Your 'Midwestern' accent makes people wanna put their life in your hands

The Midwestern accent inspires a confidence that is both appreciated and completely unearned.

The Midwestern accent inspires a confidence that is both appreciated and completely unearned. Elizabeth Flores, Star Tribune

Ever considered becoming a pilot?

Maybe you should. If you're reading this, you probably have the voice for it.

The Los Angeles Times (and later, WCCO) recently reported on a study by travel data website Jetcost. The goal: to find out what kind of accents passengers found most trustworthy in an airline pilot. A little over 4,000 Americans who had flown sometime in the last year were asked which English-speaking accents, if any, would fill them with the most confidence… and the least.

At the head of the pack, 63 percent of the participants said the Upper Midwestern accent made them feel like they were in good hands. It’s followed by Southern Californian, Great Lakes, British, and Eastern New England accents.

The accents that inspired the least confidence, in descending order: Southwestern United States, Central Canadian, General American (evidently a description, and not a bland superhero), New York, and Texan bringing up the rear, with 65 percent giving votes of little faith. 

What the Central Canadians have done to us Americans, aside from their occasional behavior on sheets of hockey ice, is unclear. 

If you want to organize statewide high-five and laugh at the south, you should probably wait before you gloat. These results are actually nothing surprising.

Implicit bias toward northerners and against southerners goes back pretty much forever, according to Paul Tilleson. He’s a St. Cloud native who’s fixing to get his PhD in linguistics, so he knows a thing or two, and you'd want to believe him if you heard him say it.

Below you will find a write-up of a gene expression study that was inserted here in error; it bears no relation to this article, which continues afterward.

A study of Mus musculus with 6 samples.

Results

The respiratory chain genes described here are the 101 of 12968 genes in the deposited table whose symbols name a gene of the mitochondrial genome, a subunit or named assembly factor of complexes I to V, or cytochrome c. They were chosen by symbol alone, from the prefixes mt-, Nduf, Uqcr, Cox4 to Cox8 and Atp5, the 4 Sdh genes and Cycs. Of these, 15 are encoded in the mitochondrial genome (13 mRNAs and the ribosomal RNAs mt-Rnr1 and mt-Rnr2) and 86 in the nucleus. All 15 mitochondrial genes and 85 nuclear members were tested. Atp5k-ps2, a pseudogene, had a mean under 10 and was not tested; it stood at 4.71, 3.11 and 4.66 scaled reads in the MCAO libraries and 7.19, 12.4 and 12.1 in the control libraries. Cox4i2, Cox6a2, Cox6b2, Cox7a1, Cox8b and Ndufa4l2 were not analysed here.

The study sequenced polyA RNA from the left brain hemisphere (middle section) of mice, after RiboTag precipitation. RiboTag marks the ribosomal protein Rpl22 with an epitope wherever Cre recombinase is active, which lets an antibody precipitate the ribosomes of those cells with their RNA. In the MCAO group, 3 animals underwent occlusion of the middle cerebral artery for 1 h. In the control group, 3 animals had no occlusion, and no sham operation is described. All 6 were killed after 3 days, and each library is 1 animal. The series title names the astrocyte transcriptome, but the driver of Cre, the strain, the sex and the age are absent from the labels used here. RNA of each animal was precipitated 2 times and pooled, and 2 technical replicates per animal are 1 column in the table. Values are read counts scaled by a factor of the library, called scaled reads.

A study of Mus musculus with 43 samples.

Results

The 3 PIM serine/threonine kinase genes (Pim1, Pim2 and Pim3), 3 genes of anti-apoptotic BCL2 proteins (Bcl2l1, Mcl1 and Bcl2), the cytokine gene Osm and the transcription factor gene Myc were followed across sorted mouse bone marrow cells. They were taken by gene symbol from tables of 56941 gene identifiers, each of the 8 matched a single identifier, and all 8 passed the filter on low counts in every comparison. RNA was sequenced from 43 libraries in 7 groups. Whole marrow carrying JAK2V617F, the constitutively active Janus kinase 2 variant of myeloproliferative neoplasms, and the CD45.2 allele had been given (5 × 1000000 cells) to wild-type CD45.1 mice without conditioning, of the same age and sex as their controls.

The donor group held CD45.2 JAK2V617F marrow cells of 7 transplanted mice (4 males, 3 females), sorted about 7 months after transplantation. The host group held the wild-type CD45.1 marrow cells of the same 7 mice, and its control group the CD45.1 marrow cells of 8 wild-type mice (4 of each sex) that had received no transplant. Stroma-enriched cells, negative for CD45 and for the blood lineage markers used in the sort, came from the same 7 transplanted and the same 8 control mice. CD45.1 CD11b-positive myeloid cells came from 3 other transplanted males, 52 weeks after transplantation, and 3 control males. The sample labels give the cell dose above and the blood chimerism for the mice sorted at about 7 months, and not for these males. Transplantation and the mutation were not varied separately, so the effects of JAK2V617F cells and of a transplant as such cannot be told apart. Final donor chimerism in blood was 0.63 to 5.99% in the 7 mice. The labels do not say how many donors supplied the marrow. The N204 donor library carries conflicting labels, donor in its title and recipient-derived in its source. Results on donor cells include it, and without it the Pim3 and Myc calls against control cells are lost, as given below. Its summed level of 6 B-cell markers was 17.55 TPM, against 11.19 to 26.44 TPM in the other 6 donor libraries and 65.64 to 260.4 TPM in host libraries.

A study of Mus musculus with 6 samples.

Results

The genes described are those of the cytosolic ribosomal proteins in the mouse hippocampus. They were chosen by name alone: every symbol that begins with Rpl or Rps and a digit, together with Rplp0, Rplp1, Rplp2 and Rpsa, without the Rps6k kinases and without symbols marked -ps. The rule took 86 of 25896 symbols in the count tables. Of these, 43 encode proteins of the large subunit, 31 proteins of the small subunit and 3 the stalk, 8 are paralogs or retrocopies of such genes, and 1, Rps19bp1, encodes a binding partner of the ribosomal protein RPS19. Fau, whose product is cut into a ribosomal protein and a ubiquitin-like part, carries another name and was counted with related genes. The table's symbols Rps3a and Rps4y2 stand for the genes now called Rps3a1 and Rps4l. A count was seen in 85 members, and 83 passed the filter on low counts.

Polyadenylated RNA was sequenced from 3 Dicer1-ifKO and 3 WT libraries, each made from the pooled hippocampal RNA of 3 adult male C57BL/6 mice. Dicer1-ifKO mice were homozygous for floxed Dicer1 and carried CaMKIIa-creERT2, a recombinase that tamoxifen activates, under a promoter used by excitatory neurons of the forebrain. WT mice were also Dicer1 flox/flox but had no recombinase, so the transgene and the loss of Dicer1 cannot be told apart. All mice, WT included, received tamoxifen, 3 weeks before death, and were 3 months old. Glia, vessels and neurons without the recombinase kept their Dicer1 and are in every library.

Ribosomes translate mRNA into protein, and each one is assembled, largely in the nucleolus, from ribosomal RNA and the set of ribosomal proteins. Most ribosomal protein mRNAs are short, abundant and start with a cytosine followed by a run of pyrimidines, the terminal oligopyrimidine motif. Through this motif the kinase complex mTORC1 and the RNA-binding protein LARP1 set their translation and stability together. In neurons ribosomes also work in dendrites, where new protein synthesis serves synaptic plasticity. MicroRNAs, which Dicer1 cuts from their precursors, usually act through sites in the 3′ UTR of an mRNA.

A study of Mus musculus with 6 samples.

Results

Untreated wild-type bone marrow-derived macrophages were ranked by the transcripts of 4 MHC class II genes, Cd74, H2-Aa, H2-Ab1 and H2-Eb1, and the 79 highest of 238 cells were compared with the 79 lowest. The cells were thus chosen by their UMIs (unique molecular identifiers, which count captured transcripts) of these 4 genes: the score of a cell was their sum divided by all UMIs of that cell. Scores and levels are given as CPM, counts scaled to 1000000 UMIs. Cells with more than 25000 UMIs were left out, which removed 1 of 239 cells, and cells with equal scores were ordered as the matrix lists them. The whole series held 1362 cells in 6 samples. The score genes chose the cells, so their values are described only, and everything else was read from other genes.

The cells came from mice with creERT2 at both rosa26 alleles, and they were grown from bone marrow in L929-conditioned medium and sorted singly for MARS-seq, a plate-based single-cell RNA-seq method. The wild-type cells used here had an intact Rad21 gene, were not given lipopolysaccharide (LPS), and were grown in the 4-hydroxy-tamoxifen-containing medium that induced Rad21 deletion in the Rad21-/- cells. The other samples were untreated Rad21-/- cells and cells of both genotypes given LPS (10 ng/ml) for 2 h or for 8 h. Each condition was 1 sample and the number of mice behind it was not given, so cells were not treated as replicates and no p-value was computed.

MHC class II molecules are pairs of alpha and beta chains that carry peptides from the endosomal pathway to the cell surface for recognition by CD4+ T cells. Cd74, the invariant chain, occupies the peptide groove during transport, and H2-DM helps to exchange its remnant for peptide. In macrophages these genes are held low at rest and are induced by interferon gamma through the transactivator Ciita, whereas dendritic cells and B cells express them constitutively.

Midwestern English, he says, is often considered the yardstick for “good” or “proper” English, and people associate “proper English” with a person of “a certain status.” It’s a distinction he calls “fairly arbitrary” and “mostly sociological,” and it doesn’t even start on this continent.

“Southern states’ English actually arises from older, distinct forms of Scottish English,” he says. “‘I usedta could do that?’ You could find that in Chaucer.”

The only reason passengers are more liable to trust a Midwestern pilot than a Texan pilot is years and years and years of bias and suspicion toward more colloquial dialects. And besides -- as a Minnesotan, you are not actually safe. If your accent is regional enough, strong enough, “all theyat eand a baeg of poh-tae-toh chyips” enough, you’re under suspicion, too.

“I’ve seen studies that say Minnesotans sound ‘weird,’” he says. “‘Fargo-esque.’”

Lest we feel tempted to laugh at our friends from the south, remember: It’s a very thin line that passes between “competent pilot” and “foot sticking out of a wood chipper.”